Trump insurrection rulings are legal, not political

The Colorado Supreme Court and the Maine secretary of state — applying their state’s respective election laws — both recently held that the application of the “insurrection clause” – Section 3 of the 14th Amendment to the Constitution of the United States — to Donald Trump’s conduct on Jan. 6, 2021 barred him from ever again standing for office as a federal elected office holder.  The provision of the Constitution, part of the post-Civil War amendments to our founding document, is as follows:

“No person…hold any office, civil or military, under the United States, or under any State, who, having previously taken an oath, as a member of Congress, or as an officer of the United States, or as a member of any State legislature, or as an executive or judicial officer of any State, to support the Constitution of the United States, shall have engaged in insurrection or rebellion against the same, or given aid or comfort to the enemies thereof. But Congress may by a vote of two-thirds of each House, remove such disability.”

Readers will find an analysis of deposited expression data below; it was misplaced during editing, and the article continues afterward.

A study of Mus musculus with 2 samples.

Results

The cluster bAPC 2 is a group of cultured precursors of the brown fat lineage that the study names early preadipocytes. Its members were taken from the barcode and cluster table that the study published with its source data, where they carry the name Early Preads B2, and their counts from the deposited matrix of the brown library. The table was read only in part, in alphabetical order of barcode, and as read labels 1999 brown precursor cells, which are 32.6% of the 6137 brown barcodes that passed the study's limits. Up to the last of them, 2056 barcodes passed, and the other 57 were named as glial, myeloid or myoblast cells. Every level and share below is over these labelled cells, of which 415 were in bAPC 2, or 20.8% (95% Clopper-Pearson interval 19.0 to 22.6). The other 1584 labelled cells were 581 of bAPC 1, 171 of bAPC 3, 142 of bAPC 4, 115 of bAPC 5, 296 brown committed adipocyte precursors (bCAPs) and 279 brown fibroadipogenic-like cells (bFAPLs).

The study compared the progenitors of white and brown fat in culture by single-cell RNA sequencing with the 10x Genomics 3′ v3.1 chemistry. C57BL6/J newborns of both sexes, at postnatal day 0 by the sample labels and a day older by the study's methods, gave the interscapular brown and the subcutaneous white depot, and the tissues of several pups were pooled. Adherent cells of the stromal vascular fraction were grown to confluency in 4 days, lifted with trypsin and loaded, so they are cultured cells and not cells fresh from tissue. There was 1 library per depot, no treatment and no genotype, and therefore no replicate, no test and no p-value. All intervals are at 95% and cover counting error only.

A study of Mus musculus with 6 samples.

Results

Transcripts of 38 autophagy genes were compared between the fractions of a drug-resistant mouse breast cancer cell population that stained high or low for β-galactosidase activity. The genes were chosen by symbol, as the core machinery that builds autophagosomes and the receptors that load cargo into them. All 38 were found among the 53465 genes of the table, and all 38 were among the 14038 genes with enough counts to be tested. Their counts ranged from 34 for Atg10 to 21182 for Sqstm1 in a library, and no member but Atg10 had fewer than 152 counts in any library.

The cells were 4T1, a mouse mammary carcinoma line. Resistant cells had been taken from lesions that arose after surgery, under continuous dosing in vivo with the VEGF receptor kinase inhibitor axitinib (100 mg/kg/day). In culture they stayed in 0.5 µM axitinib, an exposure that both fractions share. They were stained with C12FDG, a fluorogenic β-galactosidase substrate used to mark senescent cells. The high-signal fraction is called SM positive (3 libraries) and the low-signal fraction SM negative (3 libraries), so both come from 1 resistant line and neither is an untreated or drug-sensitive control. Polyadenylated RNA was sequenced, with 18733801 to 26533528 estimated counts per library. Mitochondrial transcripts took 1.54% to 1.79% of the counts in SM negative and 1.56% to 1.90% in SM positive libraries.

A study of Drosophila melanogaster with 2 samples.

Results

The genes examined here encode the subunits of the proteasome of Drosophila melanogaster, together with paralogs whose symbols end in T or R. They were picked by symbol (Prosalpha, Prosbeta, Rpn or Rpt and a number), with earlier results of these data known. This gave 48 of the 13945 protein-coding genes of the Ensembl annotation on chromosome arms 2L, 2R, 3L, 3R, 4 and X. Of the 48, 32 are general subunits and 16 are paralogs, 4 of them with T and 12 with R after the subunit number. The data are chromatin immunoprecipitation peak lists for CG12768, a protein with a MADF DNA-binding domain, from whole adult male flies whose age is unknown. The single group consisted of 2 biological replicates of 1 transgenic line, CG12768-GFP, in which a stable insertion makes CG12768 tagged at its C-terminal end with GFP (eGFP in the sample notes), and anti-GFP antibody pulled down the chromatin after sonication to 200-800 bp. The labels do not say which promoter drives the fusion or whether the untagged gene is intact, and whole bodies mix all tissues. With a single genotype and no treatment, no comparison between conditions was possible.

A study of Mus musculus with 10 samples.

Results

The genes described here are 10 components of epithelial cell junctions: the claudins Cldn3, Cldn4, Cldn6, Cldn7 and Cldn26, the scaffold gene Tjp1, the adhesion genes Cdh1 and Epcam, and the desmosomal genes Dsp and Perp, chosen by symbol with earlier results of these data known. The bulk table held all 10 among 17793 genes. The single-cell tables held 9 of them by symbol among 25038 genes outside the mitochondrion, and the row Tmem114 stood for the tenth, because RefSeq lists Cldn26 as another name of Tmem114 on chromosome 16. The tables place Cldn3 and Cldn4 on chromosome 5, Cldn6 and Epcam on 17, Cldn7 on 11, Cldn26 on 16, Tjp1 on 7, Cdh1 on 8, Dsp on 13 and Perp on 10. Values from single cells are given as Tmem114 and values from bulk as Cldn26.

Christopher Cole

As factual predicates to its decision, the Colorado court found that then-President Trump engaged in or acted in aid of “insurrection;” in fact, six of the seven justices of the Colorado Supreme Court confirmed this factual finding.  A majority of that court also found that the presidency is an “officer of the United States” and that Trump was therefore prohibited from standing for office and was barred from being on the state’s ballots in the upcoming primary.  The court explicitly stayed the effect of the decision pending an appeal to, and decision of the Supreme Court of the United States.